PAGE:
Perpetually capped with snow, Mount Kilimanjaro soars above the flat plains of Tanzania’s Kilimanjaro National Park. Standing at an elevation of 5,895 metres (19,340 feet) above sea level, Kilimanjaro is the highest free-standing mountain in the entire world. Travellers who take their time to trek the mountain’s forested foothills and rocky terrain are rewarded with views worthy of Kilimanjaro’s Roof of Africa moniker.
Lush forests hug the mountain’s flanks, tempting the imagination with bursts of bright flowers and perpetual birdsong. Monkeys race along the branches, hopping easily between trees as they forage for food. Hikers who traverse Kilimanjaro get a sense of the diversity of Africa’s environments, from moorlands sprinkled with giant heather and colourful lobelias to the icy alpine tundra of Kilimanjaro’s uppermost reaches.
Travelers can take any of several routes to Uhuru Peak, the highest point in all of Africa. Most routes can be covered in less than 10 days and vary in difficulty. Kilimanjaro has one of the world’s most accessible summits. The mountain isn’t a technically difficult climb, though Tanzania National Parks recommends that visitors aiming to conquer the peak remember the Swahili proverb, "A hasty person misses the sweet things." The mountain is high and requires travellers to acclimatize as they ascend.
Safety & Success Rates
We take your safety and health very seriously, which is why we only works with the best, most knowledgeable tour operators & guides. Heeding their advice can ensure you have the greatest chance for success scaling Kilimanjaro. In fact, the tour operators & guides have a 98% success rate – meaning that a vast majority of the travellers they lead reach the mountain summit.
On the mountain, guides ensure hikers eat and drink properly, provide briefings on safety procedures and health precautions and monitor for any signs of altitude sickness. They are trained and able to act in case of an emergency on the climb.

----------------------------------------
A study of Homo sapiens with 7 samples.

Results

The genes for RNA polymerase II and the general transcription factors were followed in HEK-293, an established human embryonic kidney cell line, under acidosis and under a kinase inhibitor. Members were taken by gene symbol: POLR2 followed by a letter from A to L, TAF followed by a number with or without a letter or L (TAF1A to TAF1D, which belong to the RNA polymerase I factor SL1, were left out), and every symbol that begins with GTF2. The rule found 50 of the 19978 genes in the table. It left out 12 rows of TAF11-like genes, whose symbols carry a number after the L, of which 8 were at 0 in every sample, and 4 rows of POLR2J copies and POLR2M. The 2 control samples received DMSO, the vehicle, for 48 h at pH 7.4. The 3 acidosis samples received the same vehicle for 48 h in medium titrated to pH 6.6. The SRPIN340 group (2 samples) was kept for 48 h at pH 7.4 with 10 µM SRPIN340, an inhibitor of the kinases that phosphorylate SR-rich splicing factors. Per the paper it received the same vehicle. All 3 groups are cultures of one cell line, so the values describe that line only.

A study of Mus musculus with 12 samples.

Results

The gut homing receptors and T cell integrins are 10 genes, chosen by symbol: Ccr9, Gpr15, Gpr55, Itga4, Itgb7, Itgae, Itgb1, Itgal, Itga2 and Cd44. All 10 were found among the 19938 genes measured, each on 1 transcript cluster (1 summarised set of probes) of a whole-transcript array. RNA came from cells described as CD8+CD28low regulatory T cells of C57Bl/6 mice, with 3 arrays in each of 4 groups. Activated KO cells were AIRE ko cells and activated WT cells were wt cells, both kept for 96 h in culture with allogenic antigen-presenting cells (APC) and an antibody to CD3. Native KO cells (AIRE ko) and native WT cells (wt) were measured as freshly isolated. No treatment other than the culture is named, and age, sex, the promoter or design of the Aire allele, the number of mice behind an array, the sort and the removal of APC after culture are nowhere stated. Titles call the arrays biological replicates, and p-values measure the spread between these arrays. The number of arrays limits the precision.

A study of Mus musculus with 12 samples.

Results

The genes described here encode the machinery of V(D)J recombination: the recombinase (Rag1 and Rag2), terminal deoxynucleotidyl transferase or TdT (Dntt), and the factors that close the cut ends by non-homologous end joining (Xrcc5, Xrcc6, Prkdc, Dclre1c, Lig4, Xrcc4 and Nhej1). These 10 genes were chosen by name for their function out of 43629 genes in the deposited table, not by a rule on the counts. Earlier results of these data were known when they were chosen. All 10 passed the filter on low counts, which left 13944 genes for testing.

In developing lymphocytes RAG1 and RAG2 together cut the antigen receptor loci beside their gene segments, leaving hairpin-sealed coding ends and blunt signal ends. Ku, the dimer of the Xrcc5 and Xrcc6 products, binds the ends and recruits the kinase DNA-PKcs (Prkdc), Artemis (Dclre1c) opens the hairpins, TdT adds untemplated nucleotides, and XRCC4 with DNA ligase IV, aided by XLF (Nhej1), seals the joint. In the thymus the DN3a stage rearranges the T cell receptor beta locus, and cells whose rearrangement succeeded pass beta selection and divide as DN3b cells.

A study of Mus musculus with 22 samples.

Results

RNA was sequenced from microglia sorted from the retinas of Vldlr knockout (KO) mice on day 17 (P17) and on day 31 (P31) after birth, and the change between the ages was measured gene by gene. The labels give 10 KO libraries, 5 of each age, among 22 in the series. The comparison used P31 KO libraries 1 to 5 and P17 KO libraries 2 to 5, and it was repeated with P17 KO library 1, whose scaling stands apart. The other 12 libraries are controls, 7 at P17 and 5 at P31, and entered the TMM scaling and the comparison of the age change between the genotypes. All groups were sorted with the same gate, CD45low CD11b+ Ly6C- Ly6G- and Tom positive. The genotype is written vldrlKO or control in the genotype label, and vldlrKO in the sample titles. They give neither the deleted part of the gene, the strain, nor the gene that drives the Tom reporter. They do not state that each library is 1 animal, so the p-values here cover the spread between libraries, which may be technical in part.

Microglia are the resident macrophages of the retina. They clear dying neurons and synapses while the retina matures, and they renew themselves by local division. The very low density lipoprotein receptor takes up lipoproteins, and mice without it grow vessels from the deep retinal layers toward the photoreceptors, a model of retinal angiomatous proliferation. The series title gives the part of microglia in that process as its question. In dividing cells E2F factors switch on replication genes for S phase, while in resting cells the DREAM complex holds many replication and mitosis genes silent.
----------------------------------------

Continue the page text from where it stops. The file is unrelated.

Several routes lead to breath-taking Uhuru Peak, most taking five to nine days to complete. It’s recommended that you pace yourself to allow for time to acclimatize to the mountain’s atmosphere and avoid altitude sickness.
Among the available routes and the estimated times to hike them are:
We recommend the seven-day Machame route or the eight-day Lemosho route for climbers of all abilities. The routes are gorgeous and show off a variety of habitats while also being among the best for acclimatization.
Mount Kilimanjaro has two main trekking seasons. The first, from December to March, takes place during colder months and generally provides for more privacy than the more popular June to October season.
Rain is uncommon during Kilimanjaro climbs from January through March, though temperatures are typically lower. Snow can usually be found on the summit during these months.
April and May are part of the region’s wet season, meaning conditions are less than ideal to hike Kilimanjaro. During this time, it’s not unusual to see deluges on the lower reaches of the mountain. Visibility is often poor.
The most popular time to climb Mount Kilimanjaro is between June and October, partially because of summertime travel seasons in Europe and North America. The weather at this time of the year is beautiful; often warm and dry.
Light rain is typical in November, though it’s less common on the northern side of Mount Kilimanjaro. The conditions make the Rongai route a particularly good choice because it’s usually drier than other options. December climbs are growing in popularity, despite the fact that it’s usually very cold at the summit.
Machame route, 7 days:
2 - 5 people: From 15.950 DKK / 2,365 USD per person
Lemosho route, 8 days:
2 - 5 people: 19.950 DKK / 2,965 USD per person
Please contact us for prices for the other routes.
The price includes:
The price does not include:
Kilimanjaro, a UNESCO World Heritage Site, is rich with splendid, natural beauty and home to several endangered species.
Experience the amazing diversity of Africa in a single trip as you trek through forest, highland desert and more, before reaching the snow-covered summit.
Climbing Kilimanjaro is challenging but of the Seven Summits, the highest mountains on each continent, it’s technically the easiest and requires no special gear.
Anyone can climb Kilimanjaro. The youngest person to ever scale the mountain was 6, the oldest was 89.
A range of routes, some more difficult than others, lead to Uhuru Peak all in under 10 days.
Guides lead the way through the mountain's diverse landscapes and watch to ensure hikers stay healthy on the climb.
Climbing Kilimanjaro can be awe-inspiring and life-changing, but you have to prepare in advance if you hope to successfully reach the Roof of Africa. The earlier we start planning your trip, the better – ideally, six to eight months before your planned departure date.